A gene has been associated with thickening of the heart which increases chances of heart failure. Researchers at Imperial College London found that faults in the gene called endocuclease G or 'Endog' influences the thickness of the muscular heart wall, how effectively the heart pumps blood and how much fat accumulates in the heart.
Professor Stuart Cook, the study's lead researcher, said: 'Our study shows that the Endog gene, which was previously thought to be involved in cell death, actually plays an important role in the enlargement of the heart which can lead to heart failure and eventually death in the worst cases. We found that a faulty copy of this gene causes the heart to become thick and fatty, making it 'heavy' with poor function'.
'It does this by interfering with the heart cells' energy source – the mitochondria. Like any other muscle in our body, the heart needs energy to keep it pumping. If the mitochondria don't work properly, the heart struggles to make enough energy and the cells produce toxic by-products, called reactive oxidative species, which increase thickening of the heart wall', explained Professor Cook.
Previous research has linked heart wall thickening with several sections of the genetic code, but this study, published in the journal Nature, was the first to isolate a single gene using DNA sequencing approaches.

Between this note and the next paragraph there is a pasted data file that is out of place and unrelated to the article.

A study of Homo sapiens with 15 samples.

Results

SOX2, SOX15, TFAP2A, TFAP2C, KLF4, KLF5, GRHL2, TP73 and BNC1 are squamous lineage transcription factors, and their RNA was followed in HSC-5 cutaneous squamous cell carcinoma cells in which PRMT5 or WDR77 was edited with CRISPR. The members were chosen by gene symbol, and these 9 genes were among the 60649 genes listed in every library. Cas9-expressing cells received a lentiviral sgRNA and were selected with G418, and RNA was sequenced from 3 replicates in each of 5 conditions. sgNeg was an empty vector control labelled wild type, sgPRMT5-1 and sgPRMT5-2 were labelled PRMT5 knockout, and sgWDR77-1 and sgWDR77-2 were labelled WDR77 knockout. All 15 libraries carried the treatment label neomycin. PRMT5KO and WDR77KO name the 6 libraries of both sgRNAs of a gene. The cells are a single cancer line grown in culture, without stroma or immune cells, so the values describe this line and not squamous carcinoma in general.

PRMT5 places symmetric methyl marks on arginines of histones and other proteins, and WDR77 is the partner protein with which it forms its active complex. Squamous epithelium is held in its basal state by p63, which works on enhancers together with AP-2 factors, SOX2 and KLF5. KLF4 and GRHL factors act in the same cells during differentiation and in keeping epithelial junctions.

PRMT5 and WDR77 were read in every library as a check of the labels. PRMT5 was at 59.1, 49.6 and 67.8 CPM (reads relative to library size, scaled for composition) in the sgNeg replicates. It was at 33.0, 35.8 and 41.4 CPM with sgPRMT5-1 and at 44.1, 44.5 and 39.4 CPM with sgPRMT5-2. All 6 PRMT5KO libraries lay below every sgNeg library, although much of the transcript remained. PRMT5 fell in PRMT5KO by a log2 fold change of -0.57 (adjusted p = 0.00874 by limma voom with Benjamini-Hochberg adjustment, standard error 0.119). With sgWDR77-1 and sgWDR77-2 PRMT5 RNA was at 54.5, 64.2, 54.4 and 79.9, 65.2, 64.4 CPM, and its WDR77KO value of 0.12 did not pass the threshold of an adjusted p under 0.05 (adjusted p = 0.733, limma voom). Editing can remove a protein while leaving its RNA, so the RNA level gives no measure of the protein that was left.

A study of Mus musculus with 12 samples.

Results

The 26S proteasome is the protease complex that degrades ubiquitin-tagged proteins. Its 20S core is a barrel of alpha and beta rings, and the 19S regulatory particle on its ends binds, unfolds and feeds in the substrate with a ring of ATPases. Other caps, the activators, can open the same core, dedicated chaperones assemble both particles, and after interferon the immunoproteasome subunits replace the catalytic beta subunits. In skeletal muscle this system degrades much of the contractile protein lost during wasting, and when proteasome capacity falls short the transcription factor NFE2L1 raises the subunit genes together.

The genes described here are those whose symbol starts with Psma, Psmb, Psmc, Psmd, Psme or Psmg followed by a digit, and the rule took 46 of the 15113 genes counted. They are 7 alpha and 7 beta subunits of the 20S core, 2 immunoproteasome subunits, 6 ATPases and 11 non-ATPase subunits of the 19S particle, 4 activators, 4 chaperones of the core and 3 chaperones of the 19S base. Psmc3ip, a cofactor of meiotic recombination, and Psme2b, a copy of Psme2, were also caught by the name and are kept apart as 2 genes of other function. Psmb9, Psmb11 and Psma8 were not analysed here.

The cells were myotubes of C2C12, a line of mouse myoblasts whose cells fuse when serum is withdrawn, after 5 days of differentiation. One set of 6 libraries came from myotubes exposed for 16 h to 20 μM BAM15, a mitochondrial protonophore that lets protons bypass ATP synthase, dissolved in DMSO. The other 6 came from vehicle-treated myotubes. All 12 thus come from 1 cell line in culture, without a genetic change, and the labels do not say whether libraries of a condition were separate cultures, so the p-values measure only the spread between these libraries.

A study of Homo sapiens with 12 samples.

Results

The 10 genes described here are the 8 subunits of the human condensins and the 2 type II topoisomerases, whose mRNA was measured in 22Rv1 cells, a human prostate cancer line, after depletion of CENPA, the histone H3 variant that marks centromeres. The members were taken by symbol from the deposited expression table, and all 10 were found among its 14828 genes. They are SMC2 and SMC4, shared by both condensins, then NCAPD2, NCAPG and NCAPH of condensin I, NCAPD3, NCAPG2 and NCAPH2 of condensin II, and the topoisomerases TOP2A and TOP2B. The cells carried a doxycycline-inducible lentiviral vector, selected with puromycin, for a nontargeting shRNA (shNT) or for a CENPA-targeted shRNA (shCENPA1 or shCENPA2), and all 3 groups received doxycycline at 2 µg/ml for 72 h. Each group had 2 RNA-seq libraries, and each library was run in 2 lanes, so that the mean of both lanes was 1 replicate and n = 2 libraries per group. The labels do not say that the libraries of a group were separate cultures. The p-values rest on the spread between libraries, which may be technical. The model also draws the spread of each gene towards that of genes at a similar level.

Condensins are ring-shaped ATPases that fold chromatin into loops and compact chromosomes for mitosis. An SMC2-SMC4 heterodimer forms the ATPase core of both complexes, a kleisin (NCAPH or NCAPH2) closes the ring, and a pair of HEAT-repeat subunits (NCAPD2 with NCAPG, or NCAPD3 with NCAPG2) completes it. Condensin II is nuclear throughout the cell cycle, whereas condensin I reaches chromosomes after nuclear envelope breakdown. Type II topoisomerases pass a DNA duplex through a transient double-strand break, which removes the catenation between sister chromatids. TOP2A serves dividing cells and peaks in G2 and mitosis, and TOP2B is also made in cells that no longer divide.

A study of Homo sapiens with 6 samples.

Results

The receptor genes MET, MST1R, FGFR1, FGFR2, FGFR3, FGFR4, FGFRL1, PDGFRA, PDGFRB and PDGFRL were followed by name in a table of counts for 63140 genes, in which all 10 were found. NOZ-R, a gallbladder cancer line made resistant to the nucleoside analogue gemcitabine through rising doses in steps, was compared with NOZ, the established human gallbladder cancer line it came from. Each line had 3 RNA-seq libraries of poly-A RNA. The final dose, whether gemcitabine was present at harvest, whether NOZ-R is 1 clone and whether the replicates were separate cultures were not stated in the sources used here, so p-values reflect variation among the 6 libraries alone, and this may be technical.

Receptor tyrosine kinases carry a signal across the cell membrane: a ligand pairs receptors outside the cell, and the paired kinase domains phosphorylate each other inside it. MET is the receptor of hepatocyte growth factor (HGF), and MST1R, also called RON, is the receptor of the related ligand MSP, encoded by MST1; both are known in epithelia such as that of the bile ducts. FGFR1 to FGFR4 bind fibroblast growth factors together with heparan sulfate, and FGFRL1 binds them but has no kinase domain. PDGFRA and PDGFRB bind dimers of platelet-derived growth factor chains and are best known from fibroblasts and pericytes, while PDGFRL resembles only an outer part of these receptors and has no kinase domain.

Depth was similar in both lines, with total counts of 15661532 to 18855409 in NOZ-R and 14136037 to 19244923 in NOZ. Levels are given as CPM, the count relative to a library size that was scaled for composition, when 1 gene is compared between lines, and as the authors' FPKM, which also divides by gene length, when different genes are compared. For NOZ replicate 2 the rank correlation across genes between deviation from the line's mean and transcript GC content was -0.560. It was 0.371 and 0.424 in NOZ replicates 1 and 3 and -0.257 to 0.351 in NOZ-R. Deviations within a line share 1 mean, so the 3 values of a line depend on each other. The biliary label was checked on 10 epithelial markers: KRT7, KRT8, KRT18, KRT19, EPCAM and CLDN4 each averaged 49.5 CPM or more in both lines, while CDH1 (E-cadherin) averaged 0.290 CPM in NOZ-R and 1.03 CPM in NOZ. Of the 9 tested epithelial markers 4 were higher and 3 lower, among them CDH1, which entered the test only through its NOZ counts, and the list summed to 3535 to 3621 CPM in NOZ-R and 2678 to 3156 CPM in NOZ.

While the results were obtained from experiments in rodents, the researchers are optimistic that the gene will also be linked to heart function in humans. They are currently recruiting healthy men and women to take part in a study aiming to replicate the finding in humans.
Medical director of the British Heart Foundation, Professor Peter Weissberg, said: 'The finding could pave the way for new treatments to prevent the development of a heavy heart. Hopefully, in the future, we'll be able to target the root cause of some patients' heart conditions rather than treating the resulting symptoms'.
There is much room for improvement in current treatment for heart failure as up to 40 percent of people diagnosed with heart failure die within a year of diagnosis. Heart failure has a lower survival rate than many cancers and it affects more than 750,000 people in Britain alone.